Energy is a topic that intersects with many other components of a community’s comprehensive plan. One of the key takeaways from our experience developing local community energy plans is that energy is a topic best discussed and implemented in the course of drafting or updating a comprehensive plan. Energy is a key part of developing strategies for housing, transportation, community facilities and services, economic development, and natural systems. Energy is best used as a lens that a community uses to inform and enhance their strategies on a variety of fronts.

  • Topics to be addressed related to Energy:
    • Facilities and municipal energy use
    • The resiliency of energy systems serving the community
    • The effect of development patterns and transportation choice on energy use
    • The energy efficiency of building stock within the community
    • Equity of access to energy efficient housing and incentives used to improve energy efficiency
    • The ability of existing energy capacities to meet anticipated future demands based on projected land use
    • Improve access to, and the use of, renewable and/or cleaner sources of energy
    • Inventory of energy related trends, facilities, issues, needs, and opportunities in the community:
  1. Develop a Community Energy Baseline

It’s important to first establish an energy baseline for two reasons. First is to get a handle on how energy is being used in the community, and second is to be able to measure improvement over time. The baseline can include any of the following measurements:

  • Community energy use data from the utility company
  • Public facility energy use data from the municipal energy bills. Energy Star’s Portfolio Manager tool can make tracking energy use and identifying sources of potential savings easier.
  • Transportation energy use, using means of commuting to work from census data and areas of significant traffic congestion from OKI
  • Number and distribution of dwelling units by type, size, age, and predominant types of construction

2. Address Resiliency

Engage public safety administrators and utility representatives to identify essential facilities and infrastructure, along with facilities and network components which are most at risk during a community-wide emergency. It’s essential that community emergency management plans and teams include energy infrastructure and utility personnel.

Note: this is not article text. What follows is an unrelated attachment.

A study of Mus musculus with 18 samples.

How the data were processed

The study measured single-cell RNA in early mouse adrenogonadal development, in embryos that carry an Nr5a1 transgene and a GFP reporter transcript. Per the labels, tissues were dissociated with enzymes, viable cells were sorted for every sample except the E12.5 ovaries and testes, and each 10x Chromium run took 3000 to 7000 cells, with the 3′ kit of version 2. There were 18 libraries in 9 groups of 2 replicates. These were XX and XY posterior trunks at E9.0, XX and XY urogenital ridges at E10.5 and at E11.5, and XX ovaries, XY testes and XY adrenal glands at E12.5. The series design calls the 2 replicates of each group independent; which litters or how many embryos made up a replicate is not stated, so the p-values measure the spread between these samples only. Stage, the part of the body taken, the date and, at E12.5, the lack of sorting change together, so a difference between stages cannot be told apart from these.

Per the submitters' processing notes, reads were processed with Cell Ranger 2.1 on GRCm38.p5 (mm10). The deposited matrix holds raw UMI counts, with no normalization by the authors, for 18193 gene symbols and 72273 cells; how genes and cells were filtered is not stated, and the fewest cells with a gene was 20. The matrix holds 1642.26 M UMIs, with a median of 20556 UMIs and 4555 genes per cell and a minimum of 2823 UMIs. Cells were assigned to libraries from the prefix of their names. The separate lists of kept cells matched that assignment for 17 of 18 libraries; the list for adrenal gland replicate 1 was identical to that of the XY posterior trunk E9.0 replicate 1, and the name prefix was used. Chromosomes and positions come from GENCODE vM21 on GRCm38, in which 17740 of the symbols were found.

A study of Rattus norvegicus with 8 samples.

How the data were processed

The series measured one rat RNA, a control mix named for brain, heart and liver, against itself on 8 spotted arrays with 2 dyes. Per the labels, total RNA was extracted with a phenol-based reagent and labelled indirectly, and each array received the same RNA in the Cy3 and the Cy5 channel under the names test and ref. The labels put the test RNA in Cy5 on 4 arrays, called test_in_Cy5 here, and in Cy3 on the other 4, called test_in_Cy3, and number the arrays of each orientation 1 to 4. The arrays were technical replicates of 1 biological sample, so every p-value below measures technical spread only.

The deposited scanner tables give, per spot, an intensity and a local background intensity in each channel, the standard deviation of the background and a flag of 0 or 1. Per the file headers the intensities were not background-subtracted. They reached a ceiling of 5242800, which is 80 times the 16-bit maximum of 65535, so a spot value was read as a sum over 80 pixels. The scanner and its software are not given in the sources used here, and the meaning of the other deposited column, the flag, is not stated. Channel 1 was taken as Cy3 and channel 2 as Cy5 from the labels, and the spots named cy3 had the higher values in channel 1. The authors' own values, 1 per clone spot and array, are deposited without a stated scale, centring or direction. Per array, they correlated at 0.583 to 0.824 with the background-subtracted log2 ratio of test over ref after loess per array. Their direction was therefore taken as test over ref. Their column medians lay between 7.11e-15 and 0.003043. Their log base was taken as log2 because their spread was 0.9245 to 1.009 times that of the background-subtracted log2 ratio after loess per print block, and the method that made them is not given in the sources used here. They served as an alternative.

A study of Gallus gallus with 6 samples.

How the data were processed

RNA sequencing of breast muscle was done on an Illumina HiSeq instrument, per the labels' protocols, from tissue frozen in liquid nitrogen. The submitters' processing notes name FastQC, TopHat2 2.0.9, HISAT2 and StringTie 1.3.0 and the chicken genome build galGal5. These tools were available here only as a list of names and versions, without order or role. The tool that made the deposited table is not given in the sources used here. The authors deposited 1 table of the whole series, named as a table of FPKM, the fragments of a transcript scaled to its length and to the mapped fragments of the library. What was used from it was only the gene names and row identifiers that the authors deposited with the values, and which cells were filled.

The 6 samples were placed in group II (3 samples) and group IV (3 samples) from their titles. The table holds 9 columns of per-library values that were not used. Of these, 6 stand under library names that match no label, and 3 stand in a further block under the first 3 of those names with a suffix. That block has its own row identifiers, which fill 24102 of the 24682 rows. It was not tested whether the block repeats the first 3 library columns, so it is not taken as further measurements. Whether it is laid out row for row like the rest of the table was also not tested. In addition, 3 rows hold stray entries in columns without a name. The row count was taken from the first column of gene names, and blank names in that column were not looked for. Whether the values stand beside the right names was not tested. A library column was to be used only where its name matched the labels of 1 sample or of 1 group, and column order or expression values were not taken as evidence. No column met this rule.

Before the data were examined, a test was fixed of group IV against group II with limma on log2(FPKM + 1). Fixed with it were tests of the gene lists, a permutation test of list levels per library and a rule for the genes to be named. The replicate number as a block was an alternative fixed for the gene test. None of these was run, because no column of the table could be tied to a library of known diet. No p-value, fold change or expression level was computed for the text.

3. Renewable Energy

Assess the presence of renewable and/or clean sources of energy technology within the community using the US Energy Information Agency (EIA) map tool.

Assess the regulations and policies affecting the use of renewable and/or clean sources of energy technology within the community. Use the best practices found on OKI’s Solar Ready page to evaluate your community’s regulations and review procedures for solar energy.

4. Energy Burden

Investigate the impact of energy burden in the community. Energy burden is calculated by dividing the net cost of household energy (available from the utility) by total household income. This is done at a sub-level of the community, like a census block group or zip code. The results are mapped to identify areas where energy burden is most prevalent.

There are two key drivers of energy burden: building stock that is old, inefficient, and poorly maintained; and low household incomes. Areas that are identified as having elevated rates of energy burden should be checked against areas with older housing, poorly maintained housing, and areas experiencing low incomes and poverty. Usually it is both factors working in concert, like a double-whammy driving disparities in energy burden in the community. Households with the lowest incomes predominantly live in the oldest, and least energy-efficient housing. Areas suffering from elevated poverty rates also tend to lack investment in its building stock.

The key to addressing energy burden is to promote energy efficient improvements in the building stock that is targeted to the homes of residents who are lower income, both owner and renter occupied.

5. Urban Heat Island Effect

Use OKI’s Urban Heat Island Map tool to map areas most impacted by the urban heat island effect.

Urban heat islands impact energy use because they prevent the affected areas from cooling off at night during the summer. This requires air conditioning to run harder and longer to cool buildings in the area. Consequently, the additional air conditioning also adds to the latent heat in the air. Areas with concentrated or large asphalt surfaces and buildings with large areas under roof, like warehouses, are prone to see increased effects of urban heat islands. Neighborhoods that lack tree canopy also see increased impacts from heat islands.

Heat islands can be mitigated by increasing the tree canopy and using light-colored building materials in affected areas. Zoning regulations should require developers building parking areas to provide regularly-spaced trees in and around the parking lot.